1-800 Contacts v. Lens.com (10th Cir.), No. 11-4114, 7/16/13


  • Plaintiff 1-800 Contacts, Inc. (“1-800”), “dominates” the retail market for replacement contact lenses.
  • The company registered and owns the service mark “1 800CONTACTS.”
  • Defendant Lens.com, Inc. (“Lens.com”), is a competitor of 1-800.
  • 1-800 “polices” its mark to protect against infringement by entering variations of its mark into Google searches and reviewing the search results that are displayed. 
  • After conducting such a search, 1-800 concluded that Lens.com was using the mark as a keyword.
  • Searches using keywords such as “1800contacts” and “1-800-contacts” and the like, were generating Lens.com’s ads.
  • 1-800 brought an action against Lens.com under Section 32 of the Lanham Act for service mark infringement associated with purchasing keywords resembling the mark.
  • Plaintiff alleged that Lens.com used the 1 800CONTACTS trademark as a triggering keyword to display and promote Lens.com’s directly competitive goods and services.
  • Lens.com moved for summary judgment.


  • Plaintiff has a protectable interest in the mark;
  • The defendant has used “an identical or similar mark” in commerce; and
  • The defendant’s use is likely to confuse consumers.


  • 1-800 claimed that Lens.com’s purchase of keywords resembling its mark resulted in “initial-interest confusion” within the meaning of the Lanham Act.
  • Such confusion occurs “when a consumer seeks a particular trademark holder’s product and instead is lured to the product of a competitor by the competitor’s use of the same name or similar mark.”


  • Advertisers bid on words or phrases (keywords) that would trigger the display of their ad(s). 
  • Advertisers can pay to be displayed as a sponsored link, which would include advertising copy and the advertiser’s website address.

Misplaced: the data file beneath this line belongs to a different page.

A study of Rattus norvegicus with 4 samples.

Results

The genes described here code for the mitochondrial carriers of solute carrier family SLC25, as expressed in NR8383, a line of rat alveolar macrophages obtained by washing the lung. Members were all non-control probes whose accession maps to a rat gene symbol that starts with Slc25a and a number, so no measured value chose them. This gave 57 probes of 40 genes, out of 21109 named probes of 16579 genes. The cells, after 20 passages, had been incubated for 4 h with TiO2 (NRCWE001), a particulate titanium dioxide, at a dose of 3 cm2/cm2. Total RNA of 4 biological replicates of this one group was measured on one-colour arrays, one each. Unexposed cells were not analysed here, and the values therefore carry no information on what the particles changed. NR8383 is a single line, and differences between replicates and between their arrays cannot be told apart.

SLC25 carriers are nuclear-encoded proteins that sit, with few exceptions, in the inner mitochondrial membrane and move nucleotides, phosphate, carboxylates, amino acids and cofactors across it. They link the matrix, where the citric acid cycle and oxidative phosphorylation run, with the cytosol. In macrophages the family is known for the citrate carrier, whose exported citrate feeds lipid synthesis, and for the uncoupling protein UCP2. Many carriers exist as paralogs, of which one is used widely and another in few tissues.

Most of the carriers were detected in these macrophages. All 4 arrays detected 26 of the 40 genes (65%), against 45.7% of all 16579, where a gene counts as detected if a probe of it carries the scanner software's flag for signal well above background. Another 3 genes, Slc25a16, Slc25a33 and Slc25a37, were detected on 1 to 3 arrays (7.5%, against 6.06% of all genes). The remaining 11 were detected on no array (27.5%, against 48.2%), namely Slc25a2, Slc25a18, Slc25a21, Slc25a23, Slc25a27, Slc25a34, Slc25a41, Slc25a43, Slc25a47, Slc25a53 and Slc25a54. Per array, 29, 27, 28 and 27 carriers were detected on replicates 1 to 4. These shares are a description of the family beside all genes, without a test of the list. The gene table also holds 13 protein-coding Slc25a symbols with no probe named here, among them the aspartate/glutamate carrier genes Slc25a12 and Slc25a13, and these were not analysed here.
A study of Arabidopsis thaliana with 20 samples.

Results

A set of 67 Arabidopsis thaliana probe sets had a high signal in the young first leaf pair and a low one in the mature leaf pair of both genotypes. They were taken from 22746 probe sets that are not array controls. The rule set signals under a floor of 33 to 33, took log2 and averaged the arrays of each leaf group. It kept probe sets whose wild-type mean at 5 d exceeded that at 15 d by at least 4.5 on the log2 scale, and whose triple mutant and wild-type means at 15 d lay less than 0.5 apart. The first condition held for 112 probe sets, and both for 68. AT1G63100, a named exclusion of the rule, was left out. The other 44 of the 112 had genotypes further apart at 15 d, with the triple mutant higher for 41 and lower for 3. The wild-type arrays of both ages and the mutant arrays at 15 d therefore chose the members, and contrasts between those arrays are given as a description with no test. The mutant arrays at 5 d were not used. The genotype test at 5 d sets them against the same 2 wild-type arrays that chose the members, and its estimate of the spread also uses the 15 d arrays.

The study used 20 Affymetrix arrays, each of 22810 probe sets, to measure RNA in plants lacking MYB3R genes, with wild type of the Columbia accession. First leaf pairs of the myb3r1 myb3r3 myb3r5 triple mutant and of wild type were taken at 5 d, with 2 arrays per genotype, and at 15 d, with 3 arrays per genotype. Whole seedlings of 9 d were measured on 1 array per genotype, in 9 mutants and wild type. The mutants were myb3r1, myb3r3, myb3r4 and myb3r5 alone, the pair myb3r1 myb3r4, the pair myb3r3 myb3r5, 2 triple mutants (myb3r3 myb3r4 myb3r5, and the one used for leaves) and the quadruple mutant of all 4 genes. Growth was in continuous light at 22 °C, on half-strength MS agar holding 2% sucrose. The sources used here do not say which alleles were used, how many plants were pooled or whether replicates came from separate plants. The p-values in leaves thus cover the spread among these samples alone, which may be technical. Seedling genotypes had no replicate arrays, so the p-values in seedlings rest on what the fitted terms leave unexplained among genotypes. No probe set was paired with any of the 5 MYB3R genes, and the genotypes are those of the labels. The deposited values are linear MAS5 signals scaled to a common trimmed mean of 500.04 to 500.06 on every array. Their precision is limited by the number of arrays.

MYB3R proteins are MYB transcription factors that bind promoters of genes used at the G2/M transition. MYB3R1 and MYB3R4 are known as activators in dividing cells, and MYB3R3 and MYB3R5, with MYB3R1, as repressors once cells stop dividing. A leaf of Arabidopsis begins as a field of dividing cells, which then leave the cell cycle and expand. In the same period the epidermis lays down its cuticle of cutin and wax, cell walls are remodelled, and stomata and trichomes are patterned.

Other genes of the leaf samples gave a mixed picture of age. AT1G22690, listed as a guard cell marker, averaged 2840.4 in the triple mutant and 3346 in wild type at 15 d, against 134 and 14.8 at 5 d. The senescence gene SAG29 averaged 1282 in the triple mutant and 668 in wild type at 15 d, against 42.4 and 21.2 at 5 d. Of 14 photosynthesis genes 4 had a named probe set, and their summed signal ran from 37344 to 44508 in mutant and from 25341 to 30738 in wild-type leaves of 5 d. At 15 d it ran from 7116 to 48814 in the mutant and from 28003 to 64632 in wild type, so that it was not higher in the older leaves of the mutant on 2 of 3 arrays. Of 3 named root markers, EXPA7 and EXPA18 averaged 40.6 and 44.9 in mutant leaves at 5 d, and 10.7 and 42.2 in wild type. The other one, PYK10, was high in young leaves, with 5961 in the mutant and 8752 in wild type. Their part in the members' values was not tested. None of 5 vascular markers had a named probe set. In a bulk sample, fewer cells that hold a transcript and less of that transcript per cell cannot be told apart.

• Users who click on the subject ad(s) are connected to the website.
  • The display of a sponsored link in response to a user’s search is an “impression.”
  • Advertisers paid Google only if the user clicked on their sponsored links.  A bid for a keyword represented the amount per click that an advertiser was willing to pay.  The more one paid, the better the placement among the sponsored links.
  • A click that led to a sale through the advertiser’s web page is known as a “conversion.”


  • The lower court ruled in favor of Lens.com, holding that merely purchasing such keywords cannot, on its own, create the likelihood of confusion required for infringement liability.
  • Instead, the court held that keyword use “divorced from the text of the resulting ads, could not result in a likelihood of confusion.”
  • 1-800 appealed, arguing that Lens.com’s bidding on the nine (9) challenged keywords caused Lens.com ads to appear in response to searches for the mark – diverting customer interest away from its own website to that of Lens.com.


  • The main issue on appeal was whether there was a likelihood of confusion.
  • The court pointed out, “Initial-interest confusion occurs when a consumer in search of the plaintiff’s product ‘is lured to the product of a competitor.’”
  • To help determine if this occurred, the court examined the associated “AdWords data” – which set an upper limit on how often consumers really were lured in this way.
  • After reviewing the statistics, the court concluded that “initial-interest confusion occurred at most 1.5% of the time that a Lens.com ad was generated by a Challenged Keyword in those eight months [at issue].”
  • According to the court, this percentage cannot support an inference that Lens.com’s keyword activity was likely to lure customers away from 1-800.


  • Google’s AdWords program is one of the leading methods of online advertising.
  • Lens.com took some risks by purchasing a variety of keywords that closely resemble the well-established service mark of 1-800.
  • Significantly, here, the court held that this alone was not enough to find infringing behavior.
  • The court took into account that users who are searching for 1-800 -- versus other potential customers who are randomly looking for contact lenses -- will take note of the search results and will notice the dissimilarity between it and Lens.com, thereby reducing the chance that consumers will think that they are related businesses.